Porsche shares stall at close after historic $72 billion trading

  • The shares are trading at the top of the indicated range at 82.50 euros
  • Highest price in Germany since 1996
  • Shares stall at market close after hitting a high of 86.54 euros
  • IPO unlikely to reopen frozen markets: banker

FRANKFURT, Sept 29 (Reuters) – Porsche AG shares got off to a bumpy start on Thursday, after Volkswagen (VOWG_p.DE) defied volatile markets to list the sports car brand at a valuation of 75 billion euros ($72 billion) in Germany’s second-biggest market debut.

The shares closed at 82.50 euros ($80.74), returning to their issue price from a session high of 86.76 euros.

Volkswagen priced Porsche AG shares at the upper end of the indicated range and raised €19.5 billion through the listing to finance the group’s electrification drive.


About 25% plus one common share went to the Porsche and Piech families through Porsche SE, the largest Volkswagen shareholder that now has a blocking minority in the sports car brand.

Shares hit a high of 86.76 late in the morning.

The share performance puts Porsche AG’s valuation at around €75.43bn, only slightly below former parent Volkswagen, which is worth around €80.1bn, and ahead of rivals such as Ferrari. (RACE.MI). It is the largest listing in Germany since Deutsche Telekom (DTEGn.DE) in 1996.

Shares in Porsche SE (PSHG_p.DE), Volkswagen’s largest shareholder, which now also owns a blocking minority in the sports car brand, fell 10.9% as investors turned. Volkswagen shares were down 6.9% from Thursday’s open at 128.5 euros.

Traders said some investors who bought Volkswagen and Porsche SE as an initial public offering may be reversing their positions and switching to Porsche AG, undermining Volkswagen’s goal of increasing its capitalization by showing the value of just one of its brands.

“Porsche was and is the pearl of the Volkswagen Group,” said Chris-Oliver Schickentanz, chief investment officer at fund manager Capitell. “The IPO now has made the value that the market brings to Porsche very, very transparent.”

Volkswagen Chief Executive Arno Antlitz told Reuters the listing had done its part to help finance the carmaker’s electrification drive.

Of the €19.5bn raised by the IPO, around €9.6bn will go to Volkswagen, just under a fifth of the €52bn budget needed for electrification plans, with the rest distributed to shareholders. as a special dividend.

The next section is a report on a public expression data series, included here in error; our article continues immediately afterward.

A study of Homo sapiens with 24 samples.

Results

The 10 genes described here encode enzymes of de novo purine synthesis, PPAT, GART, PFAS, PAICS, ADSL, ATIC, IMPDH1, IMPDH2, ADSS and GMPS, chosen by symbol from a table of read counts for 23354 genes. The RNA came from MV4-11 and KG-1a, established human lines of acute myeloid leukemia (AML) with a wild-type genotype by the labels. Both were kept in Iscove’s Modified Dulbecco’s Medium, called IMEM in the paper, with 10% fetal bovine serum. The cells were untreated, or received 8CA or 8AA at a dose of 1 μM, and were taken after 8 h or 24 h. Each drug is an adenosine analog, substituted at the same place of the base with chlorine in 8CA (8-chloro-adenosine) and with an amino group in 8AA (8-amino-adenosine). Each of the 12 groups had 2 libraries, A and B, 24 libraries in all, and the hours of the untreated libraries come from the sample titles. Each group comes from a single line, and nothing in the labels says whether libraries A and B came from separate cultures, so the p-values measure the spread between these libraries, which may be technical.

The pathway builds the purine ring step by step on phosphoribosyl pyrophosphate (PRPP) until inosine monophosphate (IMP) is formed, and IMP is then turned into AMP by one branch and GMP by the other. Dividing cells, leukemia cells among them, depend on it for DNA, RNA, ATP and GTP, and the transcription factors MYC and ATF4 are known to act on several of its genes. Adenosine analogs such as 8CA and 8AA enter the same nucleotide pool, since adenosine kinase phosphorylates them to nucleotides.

“We are well established financially, we have strong cash flows to fund our electromobility strategy ourselves,” the CFO said.


Volkswagen priced Porsche AG shares at the top of the range despite weaker stock markets after red-hot German inflation data and general market turmoil triggered by rising interest rates.

“This is not exactly a dream environment for an IPO today,” QC Partners wealth manager Thomas Altmann said.

Volkswagen has said that market volatility was precisely why fund managers sorely needed a stable and profitable business like Porsche AG in which to invest.

A banker involved in the transaction described Porsche’s listing as unique and predicted the market would freeze again very soon.

The listing broke records, garnering the most since Deutsche Telekom in 1996.

But Porsche is trading at a multiple of around 7.2 times its earnings, well below Ferrari’s. (RACE.MI) multiple of 40.

Companies in the region have raised $44 billion in equity capital markets deals as of Sept. 27, Refinitiv data shows, with just $4.5 billion in initial public offerings.

“There is a lot to like about the company, with its aggressive electrification plans, expected strong cash flow generation and premium brand positioning in the market,” Chi Chan, portfolio manager for European equities at Federated, told Reuters. Hermes Limited.

“However, it comes to market at a time of unprecedented turmoil and consumer confidence is falling.”

Porsche against rivals

Porsche AG Chief Executive Blume, whose dual role as Volkswagen’s new head has drawn criticism from some investors, hailed the listing as a “historic moment” and dismissed the idea that he would at some point give up one of the two posts.

Up to 113,875,000 non-voting preferred shares of Porsche AG were sold in the initial public offering.

Bank of America, Citigroup, Goldman Sachs and JPMorgan served as joint global coordinators and joint bookrunners on the deal, while Mediobanca acted as financial advisor to Porsche.

($1 = 1.0218 euros)


Our standards: The Thomson Reuters Trust Principles.